Celebrating 10 years! 2007-2017

Can You Sue an Out of State Defendant in NY Small Claims?

Helping my pops with something -can you sue an out of state loser1207/09/17
I glanced at it so maybe I'm missing something but it says n isthisit07/09/17
No, they have to have an office/ location where they regular alphadog1507/09/17
While there may be an issue of venue, if a corporation trans qdllc07/10/17
These rules don't apply for NY small claims, NY requires the alphadog1507/10/17
loser12 (Jul 9, 2017 - 10:21 am)

Helping my pops with something -can you sue an out of state corporation in NY small claims for a contract arising in NY?

p. 4 suggests the answer is no - http://www.nycourts.gov/courthelp/pdfs/smallclaimshandbook.pdf

I'll call tomorrow but figure someone probably knows.


I glanced at it so maybe I'm missing something but it says near the bottom corporations can be sued in small claims.

But reread the contract and look at the Choice of Law/Choice of Forum clause which undoubtedly is there. And look for any ADR clause. These will probably be towards the end with the boilerplate.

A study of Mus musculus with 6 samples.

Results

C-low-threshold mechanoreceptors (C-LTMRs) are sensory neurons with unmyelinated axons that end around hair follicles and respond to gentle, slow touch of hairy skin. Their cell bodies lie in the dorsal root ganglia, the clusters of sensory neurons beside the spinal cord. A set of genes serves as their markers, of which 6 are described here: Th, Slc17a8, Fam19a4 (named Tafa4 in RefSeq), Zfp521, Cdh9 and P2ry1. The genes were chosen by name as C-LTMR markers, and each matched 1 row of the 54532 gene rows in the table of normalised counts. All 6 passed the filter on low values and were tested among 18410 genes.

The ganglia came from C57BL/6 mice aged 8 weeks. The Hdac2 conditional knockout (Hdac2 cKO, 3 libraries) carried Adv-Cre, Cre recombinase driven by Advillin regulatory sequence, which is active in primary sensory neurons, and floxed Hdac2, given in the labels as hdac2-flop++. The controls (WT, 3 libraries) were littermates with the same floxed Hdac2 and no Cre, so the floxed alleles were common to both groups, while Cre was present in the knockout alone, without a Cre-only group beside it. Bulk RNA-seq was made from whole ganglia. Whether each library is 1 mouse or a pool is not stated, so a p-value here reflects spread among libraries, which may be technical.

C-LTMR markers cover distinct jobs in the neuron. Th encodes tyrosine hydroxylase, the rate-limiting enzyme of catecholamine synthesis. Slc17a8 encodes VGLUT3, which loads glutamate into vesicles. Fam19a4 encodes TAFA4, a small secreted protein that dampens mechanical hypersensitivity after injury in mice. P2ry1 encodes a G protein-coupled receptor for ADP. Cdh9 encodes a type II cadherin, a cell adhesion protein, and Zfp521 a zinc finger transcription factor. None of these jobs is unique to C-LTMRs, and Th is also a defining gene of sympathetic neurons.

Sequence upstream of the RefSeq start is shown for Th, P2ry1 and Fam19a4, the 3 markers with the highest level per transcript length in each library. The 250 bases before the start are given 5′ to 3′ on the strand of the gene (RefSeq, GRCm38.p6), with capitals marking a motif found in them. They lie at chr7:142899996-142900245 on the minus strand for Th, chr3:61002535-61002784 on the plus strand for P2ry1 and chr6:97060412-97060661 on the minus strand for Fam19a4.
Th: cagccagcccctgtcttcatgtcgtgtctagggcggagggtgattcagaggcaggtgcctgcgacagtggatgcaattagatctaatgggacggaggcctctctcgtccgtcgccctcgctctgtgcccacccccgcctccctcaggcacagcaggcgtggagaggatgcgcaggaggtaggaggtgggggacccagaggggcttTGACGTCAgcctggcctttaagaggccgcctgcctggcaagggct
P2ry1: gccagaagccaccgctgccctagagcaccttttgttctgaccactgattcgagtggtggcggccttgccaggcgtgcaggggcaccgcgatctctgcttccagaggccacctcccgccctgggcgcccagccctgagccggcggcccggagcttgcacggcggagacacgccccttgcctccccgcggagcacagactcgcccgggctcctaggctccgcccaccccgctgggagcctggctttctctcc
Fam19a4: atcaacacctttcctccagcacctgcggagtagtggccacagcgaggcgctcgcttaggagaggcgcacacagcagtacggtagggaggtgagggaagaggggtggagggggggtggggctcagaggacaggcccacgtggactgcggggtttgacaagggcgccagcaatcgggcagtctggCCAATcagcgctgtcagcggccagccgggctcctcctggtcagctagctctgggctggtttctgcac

No, they have to have an office/ location where they regularly do business in the county you intend to sue in.


While there may be an issue of venue, if a corporation transacts regular business in a state, absent a contractual "choice of law" clause, they should be subject to jurisdiction as they (or their representative) physically entered the state to transact business (unless NY law specifically requires otherwise). A physical location in the state/county may not be required to obtain jurisdiction. Clearly, you'd be arguing subject matter jurisdiction and not personal jurisdiction.

It might be worth it to try as the corporation would (at least) have to make an appearance to object on the basis of lack of jurisdiction.

How much $$$ are we talking here? For a small enough matter, it's more cost-effective to resolve the dispute than to have someone show up to argue the case.


These rules don't apply for NY small claims, NY requires the defendant to have an established presence in the county/ city in which the claim is brought.

For instance, if you have a plaintiff that resides in the City of Long Beach (Which has its own city court and small claims) and a defendant that resides or has an office up the road in Hempstead, then the claim would have to be brought in Nassau County small claims. The plaintiff would not be able to bring the case in Long Beach City Court.